Friday 11 November, Prime Video
James Corden returns to British TV in Jez Butterworth’s (Jerusalem, Britannia) latest creation. He plays Jamie Buckingham, a Michelin-starred chef preparing to open his first restaurant, named after his wife, Amandine (Melia Kreiling). But his life is turned upside-down when he discovers Amandine has been keeping dark secrets from him. With the help of his sister and brother-in-law, Jamie sets out to discover the truth in this comedy relationship thriller.
Jools’ 30th Birthday Bash
Saturday 12 November, 9pm, BBC Two
The first ever Later… with Jools Holland show in October 1992 featured The Neville Brothers, The Christians, Nu Colours and D’Influence. Safe to say that none of them feature in this special 30th anniversary episode filmed at the Hammersmith Apollo. Instead, we’ll be treated to performances from Robert Plant, Richard Hawley, Celeste, First Aid Kit, Michael Kiwanuka and more, who will play their own tunes as well as some of Holland’s favourites.
Royal British Legion Festival of Remembrance
Saturday 12 November, 9pm, BBC One
An alternative musical affair takes place over on BBC One, with Andrea Bocelli, Ted Lasso star Hannah Waddingham and actor Luke Evans paying tribute to the British Armed Forces. King Charles will attend for the first time as monarch, and the event will pay tribute to his late mother, Queen Elizabeth II, and her dedication to her role as commander-in-chief. The soldiers who fought in the Falklands War also get a special mention, commemorating the 40th anniversary of the conflict.
The People’s Piazza: A History of Covent Garden
Sunday 13 November, 9pm, BBC Two
While it might be a tourist hot spot nowadays, packed with luxury stores such as Ladurée and Chanel, once upon a time London’s Covent Garden was a bustling marketplace, where sex work and activism thrived alongside the apple stalls. Historian David Olusoga travels through 400 years’ worth of history to reveal a rich culture of performance and protest, recreating what Covent Garden might have been like before its 70s refurb.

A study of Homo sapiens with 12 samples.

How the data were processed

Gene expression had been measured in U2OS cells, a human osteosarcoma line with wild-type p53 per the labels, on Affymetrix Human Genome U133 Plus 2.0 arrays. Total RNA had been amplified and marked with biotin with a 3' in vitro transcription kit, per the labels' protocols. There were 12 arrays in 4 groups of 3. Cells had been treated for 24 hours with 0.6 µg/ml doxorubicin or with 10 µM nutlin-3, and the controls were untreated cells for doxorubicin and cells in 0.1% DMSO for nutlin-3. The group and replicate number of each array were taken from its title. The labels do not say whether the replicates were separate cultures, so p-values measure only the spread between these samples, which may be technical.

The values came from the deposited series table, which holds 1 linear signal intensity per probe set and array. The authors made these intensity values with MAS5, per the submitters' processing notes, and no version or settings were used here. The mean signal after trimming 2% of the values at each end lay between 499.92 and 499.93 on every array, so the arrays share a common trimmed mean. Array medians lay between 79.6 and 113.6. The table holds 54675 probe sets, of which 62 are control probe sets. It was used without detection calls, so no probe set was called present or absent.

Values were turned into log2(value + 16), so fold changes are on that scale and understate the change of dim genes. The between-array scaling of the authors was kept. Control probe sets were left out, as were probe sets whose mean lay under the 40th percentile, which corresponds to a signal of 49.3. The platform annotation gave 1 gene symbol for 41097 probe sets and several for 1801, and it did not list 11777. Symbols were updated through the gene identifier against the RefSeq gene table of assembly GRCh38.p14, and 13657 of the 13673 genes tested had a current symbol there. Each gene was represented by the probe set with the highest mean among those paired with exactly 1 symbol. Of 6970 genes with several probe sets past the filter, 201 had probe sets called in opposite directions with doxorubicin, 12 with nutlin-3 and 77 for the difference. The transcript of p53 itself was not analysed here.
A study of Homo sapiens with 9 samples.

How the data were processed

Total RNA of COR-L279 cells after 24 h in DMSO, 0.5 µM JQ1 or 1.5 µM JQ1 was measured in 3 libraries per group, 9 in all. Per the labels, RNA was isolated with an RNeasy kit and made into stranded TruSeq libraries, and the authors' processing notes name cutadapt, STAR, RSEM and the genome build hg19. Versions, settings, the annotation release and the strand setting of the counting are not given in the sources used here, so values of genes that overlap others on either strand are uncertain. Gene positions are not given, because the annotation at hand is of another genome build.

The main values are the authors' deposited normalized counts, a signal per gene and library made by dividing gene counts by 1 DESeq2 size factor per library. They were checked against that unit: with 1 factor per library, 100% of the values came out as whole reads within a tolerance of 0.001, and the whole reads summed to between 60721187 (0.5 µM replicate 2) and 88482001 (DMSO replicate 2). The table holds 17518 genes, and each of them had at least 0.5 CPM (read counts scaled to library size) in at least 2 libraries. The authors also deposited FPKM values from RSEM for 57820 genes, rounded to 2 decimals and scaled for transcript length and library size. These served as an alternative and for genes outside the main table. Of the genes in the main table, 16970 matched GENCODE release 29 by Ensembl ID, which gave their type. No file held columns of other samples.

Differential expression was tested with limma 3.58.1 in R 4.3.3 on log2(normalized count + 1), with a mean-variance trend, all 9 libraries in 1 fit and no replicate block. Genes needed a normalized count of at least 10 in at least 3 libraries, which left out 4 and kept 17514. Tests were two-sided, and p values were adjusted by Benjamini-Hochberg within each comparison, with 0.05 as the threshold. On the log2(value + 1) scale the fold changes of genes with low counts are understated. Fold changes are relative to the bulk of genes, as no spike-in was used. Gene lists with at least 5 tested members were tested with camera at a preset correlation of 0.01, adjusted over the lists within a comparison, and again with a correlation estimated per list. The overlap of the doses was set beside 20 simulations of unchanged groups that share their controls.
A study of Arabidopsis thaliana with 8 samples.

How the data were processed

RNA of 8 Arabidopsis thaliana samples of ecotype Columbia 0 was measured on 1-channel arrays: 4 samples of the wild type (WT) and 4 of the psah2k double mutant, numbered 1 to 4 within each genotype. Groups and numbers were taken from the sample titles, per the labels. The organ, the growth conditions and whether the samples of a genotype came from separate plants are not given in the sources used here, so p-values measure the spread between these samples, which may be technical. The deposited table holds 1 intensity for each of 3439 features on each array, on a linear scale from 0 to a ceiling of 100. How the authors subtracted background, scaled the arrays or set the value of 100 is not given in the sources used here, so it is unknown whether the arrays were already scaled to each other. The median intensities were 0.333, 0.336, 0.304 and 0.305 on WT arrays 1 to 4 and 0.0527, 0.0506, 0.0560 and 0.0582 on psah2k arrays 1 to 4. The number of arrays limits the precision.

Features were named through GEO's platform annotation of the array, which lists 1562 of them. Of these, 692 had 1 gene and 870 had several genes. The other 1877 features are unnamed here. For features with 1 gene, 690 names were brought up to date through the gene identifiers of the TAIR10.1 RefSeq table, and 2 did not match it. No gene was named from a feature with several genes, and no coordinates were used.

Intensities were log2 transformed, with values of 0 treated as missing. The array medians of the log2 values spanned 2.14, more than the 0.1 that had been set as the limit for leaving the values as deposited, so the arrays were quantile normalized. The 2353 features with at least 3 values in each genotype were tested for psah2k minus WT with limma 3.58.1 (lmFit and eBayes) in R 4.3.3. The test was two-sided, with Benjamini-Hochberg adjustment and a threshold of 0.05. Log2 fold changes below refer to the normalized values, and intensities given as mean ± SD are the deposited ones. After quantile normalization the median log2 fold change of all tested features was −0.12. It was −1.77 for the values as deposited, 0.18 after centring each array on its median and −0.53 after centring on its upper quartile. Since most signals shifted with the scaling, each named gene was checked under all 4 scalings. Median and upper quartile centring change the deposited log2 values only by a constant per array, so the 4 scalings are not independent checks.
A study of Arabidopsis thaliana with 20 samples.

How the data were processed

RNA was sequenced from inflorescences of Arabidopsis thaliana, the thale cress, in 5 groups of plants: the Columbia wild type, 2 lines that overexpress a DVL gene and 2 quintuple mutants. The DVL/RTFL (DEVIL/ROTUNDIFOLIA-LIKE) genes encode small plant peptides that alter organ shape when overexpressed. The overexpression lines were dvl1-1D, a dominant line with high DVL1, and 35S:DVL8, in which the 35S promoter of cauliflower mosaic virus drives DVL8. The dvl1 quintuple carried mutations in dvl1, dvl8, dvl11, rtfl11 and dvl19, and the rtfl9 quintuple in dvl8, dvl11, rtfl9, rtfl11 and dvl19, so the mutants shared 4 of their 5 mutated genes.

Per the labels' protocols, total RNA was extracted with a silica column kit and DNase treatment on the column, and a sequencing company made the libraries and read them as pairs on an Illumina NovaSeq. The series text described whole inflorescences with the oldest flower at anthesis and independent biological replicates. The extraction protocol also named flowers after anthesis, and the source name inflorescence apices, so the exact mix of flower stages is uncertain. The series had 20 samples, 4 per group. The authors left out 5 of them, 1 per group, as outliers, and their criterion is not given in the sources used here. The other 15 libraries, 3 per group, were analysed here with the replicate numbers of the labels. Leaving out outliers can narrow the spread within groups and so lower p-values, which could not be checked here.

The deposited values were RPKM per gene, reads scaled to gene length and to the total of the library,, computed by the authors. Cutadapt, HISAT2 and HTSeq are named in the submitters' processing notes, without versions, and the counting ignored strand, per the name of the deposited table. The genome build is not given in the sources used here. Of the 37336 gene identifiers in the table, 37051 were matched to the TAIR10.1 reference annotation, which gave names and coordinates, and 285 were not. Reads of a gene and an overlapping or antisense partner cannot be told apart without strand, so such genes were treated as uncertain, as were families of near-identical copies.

Monday 14 November, Paramount+
It is surprising that Sylvester Stallone hasn’t delved into the world of TV before now, but Tulsa King marks his small-screen debut (as a main character, at least). He plays Dwight “The General” Manfredi, a New York mid-level Mafioso released from prison after 25 years inside. When his old boss sends him to Tulsa, Oklahoma, Manfredi realises he has been sidelined and starts to build up his own crime gang.
DIY SOS: The Big Build for Children in Need
Wednesday 16 November, 9pm, BBC One
Young women’s charity Getaway Girls, based in Leeds, is the recipient of this year’s Children in Need makeover. Nick Knowles and his usual team have collaborated with Radio 2 for the project, with DJs Sara Cox, Scott Mills and Rylan donning their hard hats to help with making over the charity’s derelict headquarters. In the meantime, the Getaway Girls choir prepare a thank you song with the help of Emeli Sandé.
Wednesday 16 November, 10pm, Dave
Jessica Hynes, Phil Wang, Joe Wilkinson, Maisie Adam, Fatiha El-Ghorri and Darren Harriott are the comedians joining host David Mitchell for the second series of this outdoors survival show. If you missed it first time around, think Taskmaster meets Bear Grylls, as the comics take on a series of challenges to prove they have what it takes to forgo the luxuries of the indoors.
Thursday 17 November, Netflix
As you might have worked out from the title, this series is set at the turn of the 20th century, when New York was a shiny beacon of hope across the Atlantic. A group of European migrants set sail for new lives in the US, only to come across a ship that had been missing for months, the Prometheus, on their journey. Made by the creators of German sci-fi thriller Dark, you can expect 1899 to be just as creepy and brooding.
Brian Cox: How the Other Half Live
Thursday 17 November, 9pm, Channel 5
After four years as Succession patriarch Logan Roy, Scottish actor Brian Cox has learnt a thing or two about the lives of the uber-rich. But does money make you happy? Cox meets people with varying bank balances in an attempt to answer that very question. Born into poverty in Dundee, he also interrogates his own accumulation of wealth and doesn’t hold back his anger when it comes to addressing the world’s growing pay gap.
Oti Mabuse: My South Africa
Thursday 17 November, 9pm, BBC One
As Strictly Come Dancing trundles on without her magic, dancer and TV presenter Oti Mabuse heads back to her hometown of Mabopane in South Africa to revisit the people and places that inspired her growing up. It has been 10 years since she left to pursue her dreams, and she finds the country almost unrecognisable. She meets the people who are working to build the “new” South Africa, as well as reuniting with some of her long-missed friends and family.